U.N.'s Ban urges Assad to seek political solution to Syria crisis

Ban said years of war between Assad's forces and armed rebel groups had allowed militants such as Islamic State to take root in the region


In an interview with the pan-Arab daily, Ban said years of war between Assad's forces and armed rebel groups had allowed militants such as Islamic State to take root in the region.

Asked whether Assad would have any role to play in an international coalition being assembled to fight Islamic State in Syria and Iraq, the U.N. chief said Assad could contribute by working politically towards an end to the war in his country.

"He (Assad) can play a role through ending the crisis as soon as possible and engaging in political dialogue," the London-based, Saudi-owned newspaper quoted him as saying.

Islamic State, a militarily-powerful al Qaeda offshoot that wants to create a jihadist hub in the heart of the Arab world, has made rapid territorial gains in both Iraq and Syria in recent months that have alarmed regional and Western powers.

In July, when Assad was sworn in for a new term as president, he vowed to recover all Syria from Islamist insurgents and dismissed the Syrian opposition abroad as traitors. But he also said he would be willing to work with the country's internal opposition, without giving details.

The United States has carried out weeks of air strikes against Islamic State targets in Iraq, but the outlook for U.S. air raids in Syria is much less clear.

While Iraq's government welcomed the role of U.S. warplanes to attack the militants, Assad has warned that any strikes conducted without his country's permission would be considered an act of aggression, potentially plunging any U.S.-led coalition into a broader conflict with Syria.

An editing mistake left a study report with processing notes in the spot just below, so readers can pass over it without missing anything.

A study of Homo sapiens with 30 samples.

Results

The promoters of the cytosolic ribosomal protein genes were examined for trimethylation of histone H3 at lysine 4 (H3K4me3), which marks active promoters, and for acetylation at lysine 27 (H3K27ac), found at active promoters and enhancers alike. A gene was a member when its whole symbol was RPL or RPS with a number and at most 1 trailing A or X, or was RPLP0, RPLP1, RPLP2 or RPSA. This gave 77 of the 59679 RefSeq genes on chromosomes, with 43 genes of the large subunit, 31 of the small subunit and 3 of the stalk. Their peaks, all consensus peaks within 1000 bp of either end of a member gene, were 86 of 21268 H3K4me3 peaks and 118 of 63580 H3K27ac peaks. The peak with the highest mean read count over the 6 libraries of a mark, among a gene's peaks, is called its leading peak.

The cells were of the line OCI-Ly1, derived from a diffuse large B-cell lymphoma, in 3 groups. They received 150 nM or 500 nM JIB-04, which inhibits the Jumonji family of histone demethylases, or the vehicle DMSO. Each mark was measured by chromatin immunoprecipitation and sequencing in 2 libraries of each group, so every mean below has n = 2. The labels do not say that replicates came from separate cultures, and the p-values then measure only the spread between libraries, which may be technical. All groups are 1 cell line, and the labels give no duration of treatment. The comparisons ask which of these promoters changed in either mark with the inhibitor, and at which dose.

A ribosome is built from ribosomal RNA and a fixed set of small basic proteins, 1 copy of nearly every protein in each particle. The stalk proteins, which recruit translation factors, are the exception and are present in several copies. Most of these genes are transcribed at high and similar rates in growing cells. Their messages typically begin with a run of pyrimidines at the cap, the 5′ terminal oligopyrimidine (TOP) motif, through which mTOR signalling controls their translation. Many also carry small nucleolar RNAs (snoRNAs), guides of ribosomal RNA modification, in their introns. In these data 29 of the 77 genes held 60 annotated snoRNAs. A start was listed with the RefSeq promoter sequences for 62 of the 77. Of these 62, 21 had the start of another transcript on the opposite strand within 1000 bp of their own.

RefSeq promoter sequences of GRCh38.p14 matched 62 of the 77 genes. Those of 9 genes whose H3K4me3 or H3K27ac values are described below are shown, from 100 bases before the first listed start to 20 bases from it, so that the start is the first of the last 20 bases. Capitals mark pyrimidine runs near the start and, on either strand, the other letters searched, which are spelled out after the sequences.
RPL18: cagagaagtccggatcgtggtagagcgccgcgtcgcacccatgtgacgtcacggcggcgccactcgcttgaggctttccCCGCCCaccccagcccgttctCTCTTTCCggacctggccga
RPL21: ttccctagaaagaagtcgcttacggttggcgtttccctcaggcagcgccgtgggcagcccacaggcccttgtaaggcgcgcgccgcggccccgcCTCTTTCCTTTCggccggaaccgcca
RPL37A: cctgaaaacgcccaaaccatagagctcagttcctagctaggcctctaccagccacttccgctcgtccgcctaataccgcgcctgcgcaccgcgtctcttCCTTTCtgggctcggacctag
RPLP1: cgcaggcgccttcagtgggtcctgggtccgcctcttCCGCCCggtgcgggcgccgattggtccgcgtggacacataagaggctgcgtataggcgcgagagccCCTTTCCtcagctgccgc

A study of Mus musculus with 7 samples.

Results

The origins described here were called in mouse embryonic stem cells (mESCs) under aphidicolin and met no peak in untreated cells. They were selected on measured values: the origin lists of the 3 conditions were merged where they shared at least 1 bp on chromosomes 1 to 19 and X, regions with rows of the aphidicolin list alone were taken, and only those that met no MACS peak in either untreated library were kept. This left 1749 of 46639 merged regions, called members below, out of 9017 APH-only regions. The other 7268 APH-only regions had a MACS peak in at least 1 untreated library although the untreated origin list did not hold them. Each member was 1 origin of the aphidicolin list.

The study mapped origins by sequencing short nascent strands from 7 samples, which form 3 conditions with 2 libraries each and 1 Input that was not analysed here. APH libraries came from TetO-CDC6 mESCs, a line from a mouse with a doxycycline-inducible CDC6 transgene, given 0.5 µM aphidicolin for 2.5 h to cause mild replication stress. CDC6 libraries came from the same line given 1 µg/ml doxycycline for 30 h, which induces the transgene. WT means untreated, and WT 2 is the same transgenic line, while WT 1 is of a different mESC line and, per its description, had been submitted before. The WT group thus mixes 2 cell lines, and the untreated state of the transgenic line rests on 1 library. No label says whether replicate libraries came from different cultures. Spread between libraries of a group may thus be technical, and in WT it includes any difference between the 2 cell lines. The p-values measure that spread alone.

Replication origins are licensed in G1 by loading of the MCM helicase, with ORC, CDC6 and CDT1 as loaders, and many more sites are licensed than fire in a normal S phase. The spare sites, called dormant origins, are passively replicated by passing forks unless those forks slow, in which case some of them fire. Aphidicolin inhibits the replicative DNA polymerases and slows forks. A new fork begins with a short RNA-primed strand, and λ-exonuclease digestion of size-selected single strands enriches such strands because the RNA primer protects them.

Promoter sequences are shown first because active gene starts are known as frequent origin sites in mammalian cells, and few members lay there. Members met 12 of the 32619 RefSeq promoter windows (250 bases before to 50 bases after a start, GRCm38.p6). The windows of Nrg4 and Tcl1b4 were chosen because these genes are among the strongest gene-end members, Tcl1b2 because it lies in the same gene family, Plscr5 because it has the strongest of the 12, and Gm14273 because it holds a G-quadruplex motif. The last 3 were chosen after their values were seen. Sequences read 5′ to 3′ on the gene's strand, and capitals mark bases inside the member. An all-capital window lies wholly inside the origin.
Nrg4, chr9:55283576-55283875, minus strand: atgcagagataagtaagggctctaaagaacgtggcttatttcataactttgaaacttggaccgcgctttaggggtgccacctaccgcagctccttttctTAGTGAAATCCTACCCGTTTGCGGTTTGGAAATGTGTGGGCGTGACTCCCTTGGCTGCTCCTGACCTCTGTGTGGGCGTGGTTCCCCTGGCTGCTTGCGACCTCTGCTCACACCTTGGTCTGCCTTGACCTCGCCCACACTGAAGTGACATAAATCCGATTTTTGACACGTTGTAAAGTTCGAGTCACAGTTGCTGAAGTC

Asked whether any armed outside intervention in Syria would need the blessing of Assad's government, Ban said: "I know that some leading countries are trying to discuss the matter, and the position of the U.N. will be declared at the suitable time.

"But it is important that the international community is united and shows strong support for any action that has to be taken to root out this terrorism."

Assad's military has stepped up air strikes over the last three months against the group, which controls about a third of Syria's territory, much of it desert in the north and east.

International and regional powers have backed opposing sides in the civil war, with Russia and Iran supporting Assad and Western powers and Gulf Arab states largely backing the rebels.

Asked whether the formation of a multinational coalition to fight Islamic State would involve Russia, Ban said this was "up to Russia to decide".

Ban also said a U.N. Security Council decision to support military action against Islamic State would be "an excellent and an appropriate way" to deal with the group but that its brutal killings were why, "some countries took some military action," in a reference to U.S. air strikes in Iraq.

Saudi Arabia is to host talks with the United States, Egypt, Jordan, Turkey and fellow Gulf Arab states on Thursday in Jeddah in an apparent attempt to support international efforts to tackle crises in Iraq and Syria.

U.S. President Barack Obama is expected on Wednesday to outline a plan to deal with Islamic State. U.S. Secretary of State John Kerry arrived in Baghdad as he began a tour of the Middle East to build military, political and financial support to defeat the militants.